Beyond stocks in Stockholm: The entrepreneurship Study Tour

This week we packed our bags and met at 6am in Copenhagen’s airport to begin our Study Tour in Stockholm. 

Certain summer courses and sessions offer a Study Tour, and I felt ours was unique in how DIS worked to combine the forging of connections within business, adding to our practicum experiences, and leisure time for all of us. Essentially, every day we would meet with a startup founder to hear about their journey and speak with them about their experiences as an entrepreneur (and connect with them on LinkedIn after the fact).

The tour began as we touching down at a beautiful hotel in the heart of Stockholm. Its location was so central that our daily startup visits were never more than a ten minute walk. Our first day, lunch provided, we went on an walking tour as a group through Gamla Stan, the old town.

Walking through Stockholm, the difference from Copenhagen became clear. The first, and most immediate shift was the infrastructure. Becoming so used to Copenhagen’s bike-forward structure, the streets in Stockholm were clearly adjusted for cars as the city built itself up. In this way, it felt much more American, a feeling that brought comfort in some way, but also fought with the sense of belonging and home I have felt in Copenhagen over the past few weeks. I even caught myself and my classmates referring to Copenhagen as “home” along the trip.

However, Stockholm is inarguably gorgeous. It feels a bit more classically “European”, wit older buildings, winding stairs, and large historical monuments marking every neighborhood of the city. Although we came at the peak “quiet” week of the year, since Midsummer landed on the Friday of our trip and many people were traveling outside of the city to other parts of Sweden to celebrate, the peace and calm felt so refreshing, and contributed to a sense of relaxation in the city. 

During our time in the city, we met with five different startups. Each of them was so successful that their time dedicated to speaking to us felt very special. We met with founders from Hummy, a new AI powered social media focused on forging genuine connections within communities, Dema, an e-commerce analytics platform forged from the founder’s own need as a retail giant, and Brite, a financial technology frontrunner partnered with over 3800 banks in Europe.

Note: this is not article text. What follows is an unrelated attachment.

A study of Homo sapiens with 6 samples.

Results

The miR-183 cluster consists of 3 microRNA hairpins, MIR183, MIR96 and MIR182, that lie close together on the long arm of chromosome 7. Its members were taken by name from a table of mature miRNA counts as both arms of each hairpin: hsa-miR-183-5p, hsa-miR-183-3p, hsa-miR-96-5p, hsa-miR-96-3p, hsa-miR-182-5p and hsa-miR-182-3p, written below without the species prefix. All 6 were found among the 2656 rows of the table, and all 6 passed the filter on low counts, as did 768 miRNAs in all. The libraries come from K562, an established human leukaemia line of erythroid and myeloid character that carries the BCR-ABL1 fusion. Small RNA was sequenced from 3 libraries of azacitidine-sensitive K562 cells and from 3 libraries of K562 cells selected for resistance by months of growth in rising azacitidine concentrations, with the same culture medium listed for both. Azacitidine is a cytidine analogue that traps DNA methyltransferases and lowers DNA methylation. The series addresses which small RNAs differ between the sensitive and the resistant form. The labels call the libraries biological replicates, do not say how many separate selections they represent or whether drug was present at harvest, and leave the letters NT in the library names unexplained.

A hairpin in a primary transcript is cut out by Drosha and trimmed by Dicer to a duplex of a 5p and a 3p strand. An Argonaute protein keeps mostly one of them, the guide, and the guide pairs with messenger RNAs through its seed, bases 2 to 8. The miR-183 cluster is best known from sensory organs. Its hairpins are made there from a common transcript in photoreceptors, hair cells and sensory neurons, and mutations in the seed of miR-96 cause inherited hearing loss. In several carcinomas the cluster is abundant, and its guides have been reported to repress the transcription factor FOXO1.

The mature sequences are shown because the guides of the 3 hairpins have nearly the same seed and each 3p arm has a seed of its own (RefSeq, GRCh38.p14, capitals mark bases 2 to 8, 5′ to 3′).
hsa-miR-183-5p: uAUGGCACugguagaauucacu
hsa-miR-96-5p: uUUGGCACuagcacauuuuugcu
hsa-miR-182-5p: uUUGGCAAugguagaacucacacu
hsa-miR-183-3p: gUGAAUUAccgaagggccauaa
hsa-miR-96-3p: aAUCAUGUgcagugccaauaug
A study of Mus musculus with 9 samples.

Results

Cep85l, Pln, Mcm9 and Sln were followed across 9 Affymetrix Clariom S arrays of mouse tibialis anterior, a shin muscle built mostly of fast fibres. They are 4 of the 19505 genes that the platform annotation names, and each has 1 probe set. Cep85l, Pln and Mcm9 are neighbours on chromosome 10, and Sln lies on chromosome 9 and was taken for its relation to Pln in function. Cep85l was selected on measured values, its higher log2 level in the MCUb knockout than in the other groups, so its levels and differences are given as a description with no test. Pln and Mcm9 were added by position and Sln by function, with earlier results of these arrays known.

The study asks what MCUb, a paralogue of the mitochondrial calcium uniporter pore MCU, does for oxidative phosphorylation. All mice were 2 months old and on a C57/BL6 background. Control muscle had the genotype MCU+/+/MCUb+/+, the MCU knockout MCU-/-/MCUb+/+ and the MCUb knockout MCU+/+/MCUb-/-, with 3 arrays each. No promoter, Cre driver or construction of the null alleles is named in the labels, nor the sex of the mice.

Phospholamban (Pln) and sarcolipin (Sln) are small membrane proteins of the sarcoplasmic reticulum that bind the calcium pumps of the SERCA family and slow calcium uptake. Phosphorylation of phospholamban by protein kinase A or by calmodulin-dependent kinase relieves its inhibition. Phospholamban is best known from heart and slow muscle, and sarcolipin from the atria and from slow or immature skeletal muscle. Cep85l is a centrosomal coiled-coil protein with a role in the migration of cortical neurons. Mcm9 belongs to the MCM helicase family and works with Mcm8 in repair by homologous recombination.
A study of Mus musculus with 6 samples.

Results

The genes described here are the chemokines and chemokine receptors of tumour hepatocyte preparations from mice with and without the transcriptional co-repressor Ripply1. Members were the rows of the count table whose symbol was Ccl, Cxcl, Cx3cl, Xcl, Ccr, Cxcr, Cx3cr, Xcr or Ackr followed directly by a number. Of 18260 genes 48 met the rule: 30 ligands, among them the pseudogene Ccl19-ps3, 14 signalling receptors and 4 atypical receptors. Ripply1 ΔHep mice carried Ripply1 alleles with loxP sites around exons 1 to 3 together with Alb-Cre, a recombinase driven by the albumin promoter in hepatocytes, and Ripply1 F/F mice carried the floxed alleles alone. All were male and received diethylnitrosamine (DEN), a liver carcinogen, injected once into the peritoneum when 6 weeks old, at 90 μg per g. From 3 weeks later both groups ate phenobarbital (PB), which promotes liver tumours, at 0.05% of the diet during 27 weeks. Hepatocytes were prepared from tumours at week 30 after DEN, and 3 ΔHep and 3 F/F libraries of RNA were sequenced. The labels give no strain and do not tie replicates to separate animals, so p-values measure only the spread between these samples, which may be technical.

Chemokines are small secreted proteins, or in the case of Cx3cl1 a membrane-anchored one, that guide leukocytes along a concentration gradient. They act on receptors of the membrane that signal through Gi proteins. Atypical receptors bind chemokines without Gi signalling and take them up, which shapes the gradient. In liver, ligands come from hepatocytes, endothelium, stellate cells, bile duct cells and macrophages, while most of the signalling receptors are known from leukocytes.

Our visit to Brite was especially impactful as a woman-led tech company is rare, and to hear founder Lena Hackloer speak with such passion and wit about her company, its journey, and importantly the integrity she infuses within the working experience for her employees was deeply inspiring. This departure from traditional “business” talk made the experience of entrepreneurship feel so much more real, and really emphasized the amount of creativity, compassion, and drive that are often overlooked.

We were also able to meet with two Startup incubators and pitch the ideas we have been refining over the course of the past month to them. They served as an invaluable source of expertise and knowledge, providing great feedback on our presentations, model projections, and general product purpose. The experience with the startups legitimized the work we have put in thus far, providing that first step of discomfort in sharing ideas that holds so many back. The presentation jitters were real, but sort of proved to me that what I am doing is worthwhile, and has to be shared with others in order to grow. SCARY! 

When we weren’t in business casual, we spent a lot of time exploring and interacting with the city. For me and my roommate Sarah, that usually meant shopping. The city is home to a huge designer presence, with most notably acne studios being based there. Their presence is so notable that we accidentally routed to their headquarters instead of one of their five shops in the city. Pro tip: their archive is also located in a trendy neighborhood of the city, where you can source the previous season’s runway and sample looks. Big deal. 

A special day on the tour was when we got out of the city and took the ferry to a small island on the archipelago. There we took a chocolate tour of the island, where the owner of the island’s craft chocolate shop had hand-crafted special chocolates for us to experience the island through. It was such a special experience, and after, we were able to explore the island on our own. Sarah and got ice cream, swam, watched a swan hatch its eggs, and sat on rocks in the woods to look out over the water. It reminded me a lot of the north shore of Minnesota, and I was hit with a wave of, not quite homesickness, but more of an existential Deja-vu. After such an active week of presentations, and living in the city for the past month, some real, down-to-earth time in nature allowed me to think and just feel so grateful for the experience I was having. 

And really, the whole trip was full of this sense of gratitude. For Stockholm, for Copenhagen, for the opportunity to be doing this, and for the support and love I have been lucky to be surrounded with along the way. To have somewhere so far from home feel so close to it. Leaving Stockholm felt in some ways like a preview of leaving Copenhagen, a somewhat heartbreaking reminder of the fleetingness of time I have left here. But odds are good I’ll probably uproot my life and move here anyways so, all in all no big deal.